The 35th summit of the South American regional trade bloc Mercosur has got underway in the northern Argentine city of Tucuman.
Argentina’s Kristina Fernandez was the first to arrive for the meeting which is set to focus on a number of regional issues, including the effects of Europe’s tougher stance on immigrants.
Founded by Argentina, Brazil, Uruguay and Paraguay, Mercosur aims to improve economic and commercial integration. Venezuela is in the process of joining while Chile and Bolivia are attending as associate members.
On arrival, Venezuelan leader Hugo Chavez reiterated his aim of creating an independent south american entity: “We must march together towards political autonomy,” he said,“South America is politically much more independent as a region than it was ten years ago. We must move forward towards full autonomy.”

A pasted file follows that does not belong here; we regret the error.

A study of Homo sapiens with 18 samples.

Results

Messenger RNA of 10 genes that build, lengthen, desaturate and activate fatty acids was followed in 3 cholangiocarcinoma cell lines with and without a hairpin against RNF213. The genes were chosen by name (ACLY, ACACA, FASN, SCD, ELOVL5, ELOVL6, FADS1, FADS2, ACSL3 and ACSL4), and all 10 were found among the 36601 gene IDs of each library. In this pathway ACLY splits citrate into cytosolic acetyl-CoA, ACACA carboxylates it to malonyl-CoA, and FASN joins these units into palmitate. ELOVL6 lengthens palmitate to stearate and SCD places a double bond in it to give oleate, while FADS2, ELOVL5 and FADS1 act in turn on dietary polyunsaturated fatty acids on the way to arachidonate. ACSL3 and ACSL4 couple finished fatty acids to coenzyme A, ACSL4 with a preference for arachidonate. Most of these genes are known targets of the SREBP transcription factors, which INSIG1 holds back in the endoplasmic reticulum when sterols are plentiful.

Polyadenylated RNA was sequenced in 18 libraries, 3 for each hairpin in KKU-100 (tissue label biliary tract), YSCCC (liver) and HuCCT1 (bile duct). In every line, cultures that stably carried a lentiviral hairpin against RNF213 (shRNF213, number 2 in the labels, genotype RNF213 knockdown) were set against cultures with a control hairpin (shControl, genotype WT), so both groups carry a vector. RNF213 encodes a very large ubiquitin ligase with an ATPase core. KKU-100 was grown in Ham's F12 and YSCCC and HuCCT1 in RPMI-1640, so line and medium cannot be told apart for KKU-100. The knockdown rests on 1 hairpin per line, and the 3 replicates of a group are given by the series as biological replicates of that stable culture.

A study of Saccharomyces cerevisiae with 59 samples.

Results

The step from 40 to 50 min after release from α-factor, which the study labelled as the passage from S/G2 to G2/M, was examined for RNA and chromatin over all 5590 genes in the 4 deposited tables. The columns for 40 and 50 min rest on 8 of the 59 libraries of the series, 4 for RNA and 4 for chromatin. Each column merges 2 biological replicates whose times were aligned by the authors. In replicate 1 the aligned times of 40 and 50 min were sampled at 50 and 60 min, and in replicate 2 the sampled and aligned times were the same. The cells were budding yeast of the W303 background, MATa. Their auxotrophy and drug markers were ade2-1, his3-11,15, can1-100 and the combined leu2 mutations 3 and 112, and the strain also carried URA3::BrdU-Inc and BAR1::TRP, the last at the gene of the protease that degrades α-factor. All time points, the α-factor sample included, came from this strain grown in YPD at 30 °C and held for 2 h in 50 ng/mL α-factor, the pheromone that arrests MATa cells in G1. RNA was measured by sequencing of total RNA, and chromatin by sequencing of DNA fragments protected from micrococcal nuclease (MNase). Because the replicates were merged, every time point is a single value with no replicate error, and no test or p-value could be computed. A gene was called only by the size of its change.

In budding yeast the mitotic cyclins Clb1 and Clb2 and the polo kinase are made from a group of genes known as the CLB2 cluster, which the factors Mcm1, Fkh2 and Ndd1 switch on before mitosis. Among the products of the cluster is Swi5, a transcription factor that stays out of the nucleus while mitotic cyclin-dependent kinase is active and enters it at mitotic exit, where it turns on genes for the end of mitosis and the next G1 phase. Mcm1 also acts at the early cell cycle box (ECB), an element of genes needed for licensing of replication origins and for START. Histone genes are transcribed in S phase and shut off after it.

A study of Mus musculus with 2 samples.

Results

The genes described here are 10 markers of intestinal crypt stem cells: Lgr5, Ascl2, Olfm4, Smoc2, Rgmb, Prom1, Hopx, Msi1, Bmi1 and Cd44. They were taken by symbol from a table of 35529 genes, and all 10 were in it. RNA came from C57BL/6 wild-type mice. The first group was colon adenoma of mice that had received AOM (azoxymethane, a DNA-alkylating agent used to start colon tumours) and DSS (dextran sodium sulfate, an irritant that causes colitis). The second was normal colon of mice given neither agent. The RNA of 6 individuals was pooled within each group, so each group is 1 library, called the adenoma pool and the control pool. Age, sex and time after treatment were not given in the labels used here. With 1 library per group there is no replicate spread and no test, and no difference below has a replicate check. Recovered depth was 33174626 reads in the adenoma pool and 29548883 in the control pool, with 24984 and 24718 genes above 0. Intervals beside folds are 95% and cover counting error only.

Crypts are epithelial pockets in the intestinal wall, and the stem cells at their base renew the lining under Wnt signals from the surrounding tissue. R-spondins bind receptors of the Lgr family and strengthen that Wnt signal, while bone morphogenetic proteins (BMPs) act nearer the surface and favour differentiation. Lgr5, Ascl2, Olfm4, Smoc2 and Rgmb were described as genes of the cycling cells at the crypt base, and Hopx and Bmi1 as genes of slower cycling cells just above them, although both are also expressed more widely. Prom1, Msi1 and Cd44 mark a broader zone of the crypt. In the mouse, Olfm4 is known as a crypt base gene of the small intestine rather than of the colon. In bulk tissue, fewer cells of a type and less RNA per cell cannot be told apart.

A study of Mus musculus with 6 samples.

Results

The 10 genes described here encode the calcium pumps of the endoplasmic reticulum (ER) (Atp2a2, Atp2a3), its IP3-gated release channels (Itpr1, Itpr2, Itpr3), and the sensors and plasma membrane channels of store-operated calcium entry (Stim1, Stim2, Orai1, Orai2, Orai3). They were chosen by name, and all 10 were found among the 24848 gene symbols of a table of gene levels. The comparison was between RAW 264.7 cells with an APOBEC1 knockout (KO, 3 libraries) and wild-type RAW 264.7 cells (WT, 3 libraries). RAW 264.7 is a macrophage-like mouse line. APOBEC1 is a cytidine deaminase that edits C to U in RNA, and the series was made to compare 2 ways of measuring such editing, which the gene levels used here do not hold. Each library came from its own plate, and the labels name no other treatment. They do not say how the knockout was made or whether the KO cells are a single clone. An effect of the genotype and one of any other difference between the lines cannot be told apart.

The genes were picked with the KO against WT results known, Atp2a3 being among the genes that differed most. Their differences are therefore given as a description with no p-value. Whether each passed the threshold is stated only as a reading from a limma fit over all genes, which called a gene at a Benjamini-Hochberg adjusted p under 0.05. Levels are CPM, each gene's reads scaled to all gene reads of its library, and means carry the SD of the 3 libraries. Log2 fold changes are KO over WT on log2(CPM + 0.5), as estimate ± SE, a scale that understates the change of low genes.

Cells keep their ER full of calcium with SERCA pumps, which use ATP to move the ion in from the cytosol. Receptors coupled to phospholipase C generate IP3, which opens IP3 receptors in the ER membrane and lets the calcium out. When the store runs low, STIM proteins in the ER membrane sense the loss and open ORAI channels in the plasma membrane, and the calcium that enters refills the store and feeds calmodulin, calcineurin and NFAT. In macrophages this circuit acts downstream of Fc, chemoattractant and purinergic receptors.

But it was the President of Chile, Michele Bachelet, who highlighted the consequences of Europe’s tightening of its immigration policy:
“As a bloc, we will put pressure on the EU over its new immigration policy. To do this, we must pull together as a group, in terms of our own social and economic integration, for the benefit of our own people.”
Tough new measures adopted by the EU parliament on June the 18th are what is causing this unease, in particular plans to detain illegal immigrants for up to 18 months and impose a re-entry ban of five years.
Hugo Chavez was less conciliatory: “We will not send Venezuelan oil to any country which applies this directive, I repeat, Venezuelan oil will not go!”
More than 15 percent of the money sent back to the region by workers from abroad comes from the EU, way behind the US. Many feel that the EU’s decision will directly impact on the economic situation in South America.